Print this page    •   Back to Web version of article

U.S. News
California: UCSD Receives $3.4 Million NIMH Grant to Study Successful Aging in HIV-Infected Adults

February 5, 2013

The National Institute of Mental Health recently presented a team of researchers at the University of California, San Diego (UCSD) School of Medicine with a $3.4 million grant for a large-scale investigation of successful aging in HIV-infected individuals between the ages of 36 and 65. Life expectancy of HIV-positive individuals has been progressing since the rise of antiretroviral therapy. By 2015, nearly half of HIV-positive individuals in the United States will be 50 years old or older; this number is expected to continue to rise. According to principal investigator Dilip Jeste, M.D., study goals include: examining positive psychosocial factors such as resilience, hardiness, optimism, and social engagement; and looking at biomarkers of physical and cognitive aging and comparing these factors in both HIV-infected and non-infected adults. Co-principal investigator David J. Moore, PhD, associate professor of psychiatry at UCSD School of Medicine, explains, "Our hope is that understanding factors that promote successful aging at an individual level may lead to the development of new preventative and therapeutic interventions aimed at improving quality of life and well-being in adults living with HIV."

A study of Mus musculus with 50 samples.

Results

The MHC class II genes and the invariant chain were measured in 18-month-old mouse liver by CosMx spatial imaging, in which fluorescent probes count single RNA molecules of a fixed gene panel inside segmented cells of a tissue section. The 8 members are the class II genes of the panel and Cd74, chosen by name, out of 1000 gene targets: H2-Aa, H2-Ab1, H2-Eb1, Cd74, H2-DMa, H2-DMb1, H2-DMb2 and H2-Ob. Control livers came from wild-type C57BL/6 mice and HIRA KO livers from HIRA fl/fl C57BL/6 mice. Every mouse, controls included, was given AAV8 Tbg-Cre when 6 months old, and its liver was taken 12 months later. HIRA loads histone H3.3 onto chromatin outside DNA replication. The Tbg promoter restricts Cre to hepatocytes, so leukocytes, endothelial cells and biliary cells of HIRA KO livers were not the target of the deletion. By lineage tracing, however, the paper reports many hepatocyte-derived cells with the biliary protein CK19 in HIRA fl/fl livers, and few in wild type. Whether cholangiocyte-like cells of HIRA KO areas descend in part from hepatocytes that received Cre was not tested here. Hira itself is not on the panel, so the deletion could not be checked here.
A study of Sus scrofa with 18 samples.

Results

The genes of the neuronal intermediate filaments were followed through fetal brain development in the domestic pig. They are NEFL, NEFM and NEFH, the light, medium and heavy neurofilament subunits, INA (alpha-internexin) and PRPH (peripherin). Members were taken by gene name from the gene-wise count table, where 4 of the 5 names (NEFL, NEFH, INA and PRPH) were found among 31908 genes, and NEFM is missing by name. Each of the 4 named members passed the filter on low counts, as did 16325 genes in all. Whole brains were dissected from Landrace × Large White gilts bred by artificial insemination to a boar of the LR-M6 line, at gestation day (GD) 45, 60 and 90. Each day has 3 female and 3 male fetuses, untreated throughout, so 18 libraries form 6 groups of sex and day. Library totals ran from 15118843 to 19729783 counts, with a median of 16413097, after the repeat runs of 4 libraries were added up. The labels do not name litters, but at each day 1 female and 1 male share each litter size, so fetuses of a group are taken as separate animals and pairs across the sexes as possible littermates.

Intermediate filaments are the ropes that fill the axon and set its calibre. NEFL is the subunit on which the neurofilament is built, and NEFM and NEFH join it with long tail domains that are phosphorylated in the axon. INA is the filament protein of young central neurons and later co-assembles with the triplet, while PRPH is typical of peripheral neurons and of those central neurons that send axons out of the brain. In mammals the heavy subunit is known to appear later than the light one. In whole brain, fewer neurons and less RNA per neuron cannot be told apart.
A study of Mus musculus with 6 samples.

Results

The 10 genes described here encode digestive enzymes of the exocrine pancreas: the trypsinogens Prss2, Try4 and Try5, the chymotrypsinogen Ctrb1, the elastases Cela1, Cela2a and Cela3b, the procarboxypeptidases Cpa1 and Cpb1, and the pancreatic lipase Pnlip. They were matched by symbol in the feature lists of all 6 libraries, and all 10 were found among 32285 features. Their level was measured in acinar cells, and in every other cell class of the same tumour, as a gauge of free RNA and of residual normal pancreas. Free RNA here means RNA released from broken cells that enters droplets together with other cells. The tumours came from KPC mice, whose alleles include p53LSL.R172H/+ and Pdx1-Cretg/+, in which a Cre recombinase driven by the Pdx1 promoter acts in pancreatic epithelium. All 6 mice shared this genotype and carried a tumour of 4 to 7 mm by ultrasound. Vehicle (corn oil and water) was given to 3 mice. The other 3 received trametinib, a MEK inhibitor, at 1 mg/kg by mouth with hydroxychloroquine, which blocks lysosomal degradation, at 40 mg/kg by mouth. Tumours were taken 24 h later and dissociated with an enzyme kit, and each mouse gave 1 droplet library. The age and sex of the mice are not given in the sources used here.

Back to other news for February 2013

Excerpted from:
News Medical

This article was provided by CDC National Prevention Information Network. It is a part of the publication CDC HIV/Hepatitis/STD/TB Prevention News Update. You can find this article online by typing this address into your Web browser:

General Disclaimer: is designed for educational purposes only and is not engaged in rendering medical advice or professional services. The information provided through should not be used for diagnosing or treating a health problem or a disease. It is not a substitute for professional care. If you have or suspect you may have a health problem, consult your health care provider.